I am looking forward to writing to you in 2014. I have now said farewell to Hildegard and nominated you, wise and wonderful woman, as recipient of my correspondence this year. I am trusting writing to you will lead me on in my pilgrimage.
This will be a year like no other, each day inviting me to embrace the magical and mystical qualities the cosmos has to offer. I don’t have the power to predict the future as you were famous for, but I can forecast that I will be open to the new year whatever it brings to me.
I thought I would start by connecting myself to something in your story.
The night before the eviction was to take place her dead husband Tom visited her and told her that when the police arrived the following day to tell them to: “Stay where you are”, and they would leave and return no more. Thus the following day when they arrived, Biddy said the words her husband had told her to say and the five policemen and sheriff were stuck to the roadside for two hours being unable to move. After two hours Biddy told them to go away and never return, and the lock which Biddy had put on them was broken and they ran off with their tails between their legs never to bother this lady and her magical powers ever again.
Your story resonates with the power of staying put. The ancient song: “like a tree planted by the waterside, we shall not be moved” comes to mind, as does the Occupy movement. Standing still and not moving is such a powerful expression as history has shown more than once. (I think you would have liked Rosa Parks.)
I had a similar experience once. A landlord sold the house we were renting, changed the locks while we were out and moved another tenant in while we were still there! An extraordinary set of events that concluded in the Tenancy Tribunal. I was pregnant with our second child, we were living on a wage less than social security payments and had a child under two in tow. We had an eclectic collection of family and friends who rallied around to help us move, to deal with the hysterical new owner and the exceedingly ignorant and legally challenged landlord. We entertained the neighbourhood the day it all unfolded. Our local Police were very helpful. Lessons learnt about tenants rights, social capital, family and housing provided a backdrop for my continuing social work studies and added to the foundations of my formation in liberation theology and social justice.
One of my enduring memories of that day was seeing my father-in-law unscrew an old railway clock. I had always admired this clock and it came into my possession on my 21st birthday the year before the displacement. The clock was in my father-in-law’s shed covered in cobwebs. I asked if I could have it and he polished it up, gave it to me wrapped in newspaper, completely bemused why anyone would want such a timepiece. It is an electric clock, and on house moving day, given he was electrician, it fell to him to free the clock from the home we were no longer to occupy. His skills and tenacity to take it off the wall were in demand that day. He rather enjoyed being a little careless and hacking the wall on which it hung to annoy the landlord and the new owner. The fact they were from different ethnicities to him meant his racism fuelled the indignity of the moment!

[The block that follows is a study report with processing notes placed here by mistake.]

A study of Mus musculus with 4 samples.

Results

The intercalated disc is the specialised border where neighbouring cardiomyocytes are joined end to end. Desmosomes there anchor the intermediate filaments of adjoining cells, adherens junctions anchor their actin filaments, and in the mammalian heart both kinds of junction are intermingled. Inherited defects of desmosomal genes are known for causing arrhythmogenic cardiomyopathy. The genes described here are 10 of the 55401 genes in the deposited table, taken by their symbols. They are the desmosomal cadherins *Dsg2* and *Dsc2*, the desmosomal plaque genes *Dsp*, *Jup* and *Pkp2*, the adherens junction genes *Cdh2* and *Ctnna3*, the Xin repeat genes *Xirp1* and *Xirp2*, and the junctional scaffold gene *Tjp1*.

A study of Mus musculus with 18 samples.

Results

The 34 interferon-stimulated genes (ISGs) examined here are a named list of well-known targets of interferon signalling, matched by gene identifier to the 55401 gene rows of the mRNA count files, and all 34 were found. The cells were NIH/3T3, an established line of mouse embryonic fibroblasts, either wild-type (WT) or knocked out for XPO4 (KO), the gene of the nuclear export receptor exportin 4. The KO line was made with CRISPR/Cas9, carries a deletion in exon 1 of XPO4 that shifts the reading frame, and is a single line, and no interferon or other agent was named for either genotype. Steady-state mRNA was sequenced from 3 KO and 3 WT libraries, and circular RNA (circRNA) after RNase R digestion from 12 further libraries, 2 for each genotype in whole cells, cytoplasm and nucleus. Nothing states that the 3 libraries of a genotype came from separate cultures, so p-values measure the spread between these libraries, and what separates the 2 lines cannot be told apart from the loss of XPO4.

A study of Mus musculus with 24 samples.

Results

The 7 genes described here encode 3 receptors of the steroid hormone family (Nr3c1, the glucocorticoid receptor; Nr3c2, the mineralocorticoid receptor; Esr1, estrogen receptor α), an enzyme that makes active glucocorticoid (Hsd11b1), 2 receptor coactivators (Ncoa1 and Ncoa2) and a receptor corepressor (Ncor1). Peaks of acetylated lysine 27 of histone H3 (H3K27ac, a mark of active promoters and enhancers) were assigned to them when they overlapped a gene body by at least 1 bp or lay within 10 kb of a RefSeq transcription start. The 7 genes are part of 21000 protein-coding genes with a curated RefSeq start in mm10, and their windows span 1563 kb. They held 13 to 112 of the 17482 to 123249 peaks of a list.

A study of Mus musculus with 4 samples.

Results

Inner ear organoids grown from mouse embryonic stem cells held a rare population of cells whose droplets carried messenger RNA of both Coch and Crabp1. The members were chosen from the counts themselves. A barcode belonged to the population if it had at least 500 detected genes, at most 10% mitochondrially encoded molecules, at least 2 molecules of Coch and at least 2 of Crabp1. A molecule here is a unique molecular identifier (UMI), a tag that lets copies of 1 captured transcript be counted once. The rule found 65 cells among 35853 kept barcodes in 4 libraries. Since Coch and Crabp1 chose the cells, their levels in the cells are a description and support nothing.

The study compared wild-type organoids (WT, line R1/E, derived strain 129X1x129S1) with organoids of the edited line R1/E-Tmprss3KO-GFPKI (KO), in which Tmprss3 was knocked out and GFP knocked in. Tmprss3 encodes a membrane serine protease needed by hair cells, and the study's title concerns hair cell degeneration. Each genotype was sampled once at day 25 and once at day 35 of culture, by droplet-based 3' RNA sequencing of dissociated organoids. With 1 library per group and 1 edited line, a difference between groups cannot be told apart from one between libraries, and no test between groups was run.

The clock has travelled to each home and continues as a major feature in our lives. It has ticked through loss and grief, joy and delight. It has kept watch over every meal prepared and now runs on solar energy. It will never be evicted. It has stayed put in our lives, a constant. When the power goes off and it needs to be reset, the hands require adjustment by going backwards first, before they can go forwards. I love this little dance it does to remind me that it has missed a little of the past so has to accommodate that reality before it can start-up again.
Being expelled takes you to a new place, to look in from the outside. Being thrown out and rejected may be cleansing – so much so you wonder what you were doing there in the first place!
The clock stays the course. Keeping vigil over the household’s comings and goings, expelling the seconds, minutes and hours of each day, evicting me from the past and leading me to the future; empowering each tick with the bell of mindfulness of the gift of the present.
Living in the now is a great gift, Biddy and I think you had it in spades, creatively enabling each moment to serve you so you might align yourself with the healing powers of plants and constellations.
Yeats referred to you in his poem The Shadowy Waters:
Wise Biddy Early called the wicked wood:
Seven odours, seven murmurs, seven woods.
and later in the same poem, posed the question: Is Eden out of time and out of space? This question is more relevant than ever and the clock in the kitchen may well be asking the same question.
So Biddy Early, I hope you have some healing to offer our planet, in much the same way you offered those who appeared on your doorstep. We might all be faced with eviction from this Eden as the clock tells us it is minutes to midnight.